On Wednesday, attendees of AmericanHort’s Plug & Cutting Conference visited Metrolina Greenhouses in Huntersville, North Carolina. They were greeted by an indoor basketball court, numerous microwaves and break tables for employees, conveyor belts, cutting planters and a vast overlook where a 40-acre greenhouse expansion is underway.
The Pest Management Workshop for Propagators at Metrolina, a biological controls-focused educational event, was hosted by Juan Ponce of Metrolina, Suzanne Wainwright-Evans of Buglady Consulting, Ron Valentin of BioWorks, Jeff Gabric of BASF and Jaclyn Bennett of Parabug.
The workshop included a presentation on scouting from Buglady Consulting Owner Wainwright-Evans and Metrolina Assistant Grower Carleton Stuecker.
As part of its scouting practices, Metrolina uses sticky cards throughout its production. The best way to read a sticky card is to read from the top left and look over and down like a book, following the squares, Stuecker said.
In addition, growers should take damaged plants and gently brush them, he said.
“Here, the main thing that I like to start with is look for movement,” he said. “Most things aren't going to move, so look for the movement. Once you've identified the movement, you can use your magnifying glass and see what you have there.”
At times, a magnifying glass won’t detect small mites, so growers will need to look at them through a microscope if they have one, Stuecker said.
“We've marked the major pests and insects that we have here,” he said. “Then we'll go in, and whatever our recordings were for the area, we'll put in as a location — the crop that we found it on and the numbers of insects that we have.” Then, the operation puts the information in a database and decides how to proceed from there.
Growers need to be specific in their biocontrol efforts, Wainwright-Evans said. She gives the example that in the past, when growers saw thrips, they would assume they were western flower thrips and treat them as such. But in reality, there are many types of thrips, which can harm plants or otherwise get in the way.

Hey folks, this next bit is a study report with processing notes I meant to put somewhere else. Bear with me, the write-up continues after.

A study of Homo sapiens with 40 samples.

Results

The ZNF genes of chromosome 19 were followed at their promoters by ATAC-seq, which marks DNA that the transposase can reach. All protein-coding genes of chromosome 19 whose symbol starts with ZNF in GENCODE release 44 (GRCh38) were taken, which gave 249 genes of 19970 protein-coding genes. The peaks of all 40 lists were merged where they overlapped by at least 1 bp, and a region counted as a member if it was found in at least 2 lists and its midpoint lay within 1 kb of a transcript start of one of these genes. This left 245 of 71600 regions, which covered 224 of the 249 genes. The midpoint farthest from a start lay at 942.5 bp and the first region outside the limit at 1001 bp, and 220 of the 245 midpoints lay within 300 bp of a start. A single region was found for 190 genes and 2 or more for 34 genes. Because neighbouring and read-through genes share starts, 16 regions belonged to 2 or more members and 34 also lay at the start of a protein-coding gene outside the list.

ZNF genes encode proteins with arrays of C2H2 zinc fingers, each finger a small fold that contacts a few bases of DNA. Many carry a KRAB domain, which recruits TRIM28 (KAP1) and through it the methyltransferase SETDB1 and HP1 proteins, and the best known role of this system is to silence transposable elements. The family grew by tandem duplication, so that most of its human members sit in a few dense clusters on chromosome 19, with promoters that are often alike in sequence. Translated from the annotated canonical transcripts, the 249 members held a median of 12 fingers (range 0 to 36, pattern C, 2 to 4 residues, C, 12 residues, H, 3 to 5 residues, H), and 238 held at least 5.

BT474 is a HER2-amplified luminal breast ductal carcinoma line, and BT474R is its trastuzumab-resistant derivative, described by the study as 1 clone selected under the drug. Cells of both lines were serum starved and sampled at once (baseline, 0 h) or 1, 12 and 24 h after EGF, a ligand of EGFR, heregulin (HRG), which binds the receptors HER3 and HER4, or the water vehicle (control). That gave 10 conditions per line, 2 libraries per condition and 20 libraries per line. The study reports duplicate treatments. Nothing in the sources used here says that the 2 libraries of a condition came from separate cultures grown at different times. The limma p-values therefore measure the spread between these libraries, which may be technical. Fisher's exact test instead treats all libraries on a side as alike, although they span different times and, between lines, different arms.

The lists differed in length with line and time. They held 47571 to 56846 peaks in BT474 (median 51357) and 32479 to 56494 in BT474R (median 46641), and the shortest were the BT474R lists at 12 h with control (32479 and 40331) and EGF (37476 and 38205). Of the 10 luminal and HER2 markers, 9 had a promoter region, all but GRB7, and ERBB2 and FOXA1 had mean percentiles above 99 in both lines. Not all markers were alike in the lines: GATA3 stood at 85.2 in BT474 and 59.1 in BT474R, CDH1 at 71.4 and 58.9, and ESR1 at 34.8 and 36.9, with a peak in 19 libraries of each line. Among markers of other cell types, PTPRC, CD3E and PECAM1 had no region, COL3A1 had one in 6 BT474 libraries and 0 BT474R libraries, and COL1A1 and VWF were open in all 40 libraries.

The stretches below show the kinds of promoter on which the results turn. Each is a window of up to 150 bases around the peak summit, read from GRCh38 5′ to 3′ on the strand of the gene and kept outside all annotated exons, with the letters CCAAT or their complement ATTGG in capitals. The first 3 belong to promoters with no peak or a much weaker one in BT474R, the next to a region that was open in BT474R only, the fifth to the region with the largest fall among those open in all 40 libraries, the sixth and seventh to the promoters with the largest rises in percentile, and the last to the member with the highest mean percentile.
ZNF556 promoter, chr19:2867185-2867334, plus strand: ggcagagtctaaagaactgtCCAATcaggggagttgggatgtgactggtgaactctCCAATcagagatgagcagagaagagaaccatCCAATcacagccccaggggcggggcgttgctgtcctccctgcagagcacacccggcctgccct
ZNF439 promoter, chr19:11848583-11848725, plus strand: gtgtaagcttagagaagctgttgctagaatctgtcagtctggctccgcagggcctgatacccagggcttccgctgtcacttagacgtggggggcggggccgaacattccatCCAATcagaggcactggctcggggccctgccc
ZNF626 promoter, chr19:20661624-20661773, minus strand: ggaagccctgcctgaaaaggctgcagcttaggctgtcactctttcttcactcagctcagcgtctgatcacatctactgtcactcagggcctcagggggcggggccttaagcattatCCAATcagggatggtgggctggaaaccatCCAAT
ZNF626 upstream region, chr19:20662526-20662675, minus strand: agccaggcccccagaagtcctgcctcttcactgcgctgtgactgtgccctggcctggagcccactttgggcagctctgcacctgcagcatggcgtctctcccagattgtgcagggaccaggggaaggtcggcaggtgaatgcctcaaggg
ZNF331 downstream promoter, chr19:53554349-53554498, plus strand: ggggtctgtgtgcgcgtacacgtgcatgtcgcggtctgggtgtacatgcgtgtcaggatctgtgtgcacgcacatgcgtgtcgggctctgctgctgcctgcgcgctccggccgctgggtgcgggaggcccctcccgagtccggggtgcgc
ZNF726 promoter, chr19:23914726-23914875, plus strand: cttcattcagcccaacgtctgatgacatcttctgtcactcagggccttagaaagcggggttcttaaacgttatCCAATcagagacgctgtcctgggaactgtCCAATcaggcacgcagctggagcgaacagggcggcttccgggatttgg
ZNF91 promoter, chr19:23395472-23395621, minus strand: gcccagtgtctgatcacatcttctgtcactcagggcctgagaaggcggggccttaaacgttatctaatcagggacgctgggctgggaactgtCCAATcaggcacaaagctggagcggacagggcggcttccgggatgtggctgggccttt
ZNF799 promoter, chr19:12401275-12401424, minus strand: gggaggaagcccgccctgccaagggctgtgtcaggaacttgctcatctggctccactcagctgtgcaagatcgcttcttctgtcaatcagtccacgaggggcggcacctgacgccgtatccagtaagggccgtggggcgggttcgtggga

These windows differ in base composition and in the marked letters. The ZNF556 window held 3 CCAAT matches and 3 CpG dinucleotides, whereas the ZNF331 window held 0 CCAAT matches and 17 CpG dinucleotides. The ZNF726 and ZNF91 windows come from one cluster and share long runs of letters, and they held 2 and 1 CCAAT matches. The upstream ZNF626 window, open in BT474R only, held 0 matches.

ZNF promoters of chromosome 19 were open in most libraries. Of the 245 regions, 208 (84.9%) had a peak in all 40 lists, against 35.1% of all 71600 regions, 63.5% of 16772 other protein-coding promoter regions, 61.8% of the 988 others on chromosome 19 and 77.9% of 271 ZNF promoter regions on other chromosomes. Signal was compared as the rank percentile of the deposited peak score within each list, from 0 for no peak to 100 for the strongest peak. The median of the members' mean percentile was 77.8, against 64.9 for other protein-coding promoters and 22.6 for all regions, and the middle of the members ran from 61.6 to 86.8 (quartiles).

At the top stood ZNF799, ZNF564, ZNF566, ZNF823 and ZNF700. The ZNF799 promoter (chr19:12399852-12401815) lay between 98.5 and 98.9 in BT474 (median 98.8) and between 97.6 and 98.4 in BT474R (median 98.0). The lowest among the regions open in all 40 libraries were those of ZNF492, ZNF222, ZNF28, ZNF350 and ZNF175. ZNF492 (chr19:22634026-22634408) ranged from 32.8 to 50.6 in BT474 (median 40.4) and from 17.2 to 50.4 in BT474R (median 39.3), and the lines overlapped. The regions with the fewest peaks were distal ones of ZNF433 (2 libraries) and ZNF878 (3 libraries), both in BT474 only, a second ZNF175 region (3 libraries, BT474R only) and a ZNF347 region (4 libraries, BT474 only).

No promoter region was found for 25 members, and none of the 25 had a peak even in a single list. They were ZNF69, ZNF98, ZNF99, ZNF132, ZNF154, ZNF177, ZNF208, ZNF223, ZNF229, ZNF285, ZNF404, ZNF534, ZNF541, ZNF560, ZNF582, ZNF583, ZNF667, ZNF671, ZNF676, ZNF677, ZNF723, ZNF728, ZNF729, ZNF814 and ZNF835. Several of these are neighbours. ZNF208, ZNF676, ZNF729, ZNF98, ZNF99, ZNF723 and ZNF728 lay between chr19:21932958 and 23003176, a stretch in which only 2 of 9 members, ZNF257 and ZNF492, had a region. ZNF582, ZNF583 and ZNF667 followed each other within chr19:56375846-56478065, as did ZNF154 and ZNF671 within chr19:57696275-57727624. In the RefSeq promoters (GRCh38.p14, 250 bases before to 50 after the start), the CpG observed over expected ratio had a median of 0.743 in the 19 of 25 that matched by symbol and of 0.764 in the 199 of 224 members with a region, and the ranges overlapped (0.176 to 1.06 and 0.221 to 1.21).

“Actually, here, because they have soybeans around, there will be soybean thrips on sticky cards,” she said. “When they cut some of the grass and wheat fields around here, we'll get influxes of some of the grass thrips, which are not necessarily damaging, but we have to be able to tell the thrips apart.”
Items for scouting
Wainwright-Evans explained some of the items that she finds most useful for scouting. These include, but are not limited to, sealable vials of alcohol and paintbrushes.
“What I do is just take the tip of the brush, stick it in the alcohol and as the thrip goes by, you just touch it — the thrips will stick — and then you just touch it in the alcohol [in the vial], and the thrips will fall out,” she said. “You can do this with mites, you can do this with aphids, you can do it with almost any insect.”
Next on Wainwright-Evans’ list is an aspirator, which can collect larger insects such as moths, fungus gnats and shore flies. Growers can also use them to collect predatory insects, such as hunter flies, and move them from one section of the greenhouse where they aren’t needed to a section where they are.
“You can just go doo, doo, doo, doo and suck them up,” she said.
Other items that help with identification are microscope cameras — Wainwright-Evans says to pony up more money for one with superior optics — and a 10x hand lens. (It’s good to have a hand lens with an LED light if you’re over 40, she says.)
To help scouts identify insects, Metrolina has decks of cards with photos of both insect pests and beneficial insects that were handed out during the presentation. Wainwright-Evans suggests growers make their own.
“If you buy pre-made decks, they have a lot of insects in there that you're not dealing with in your greenhouse, and you want to keep it as simple as possible for your scouts,” she says.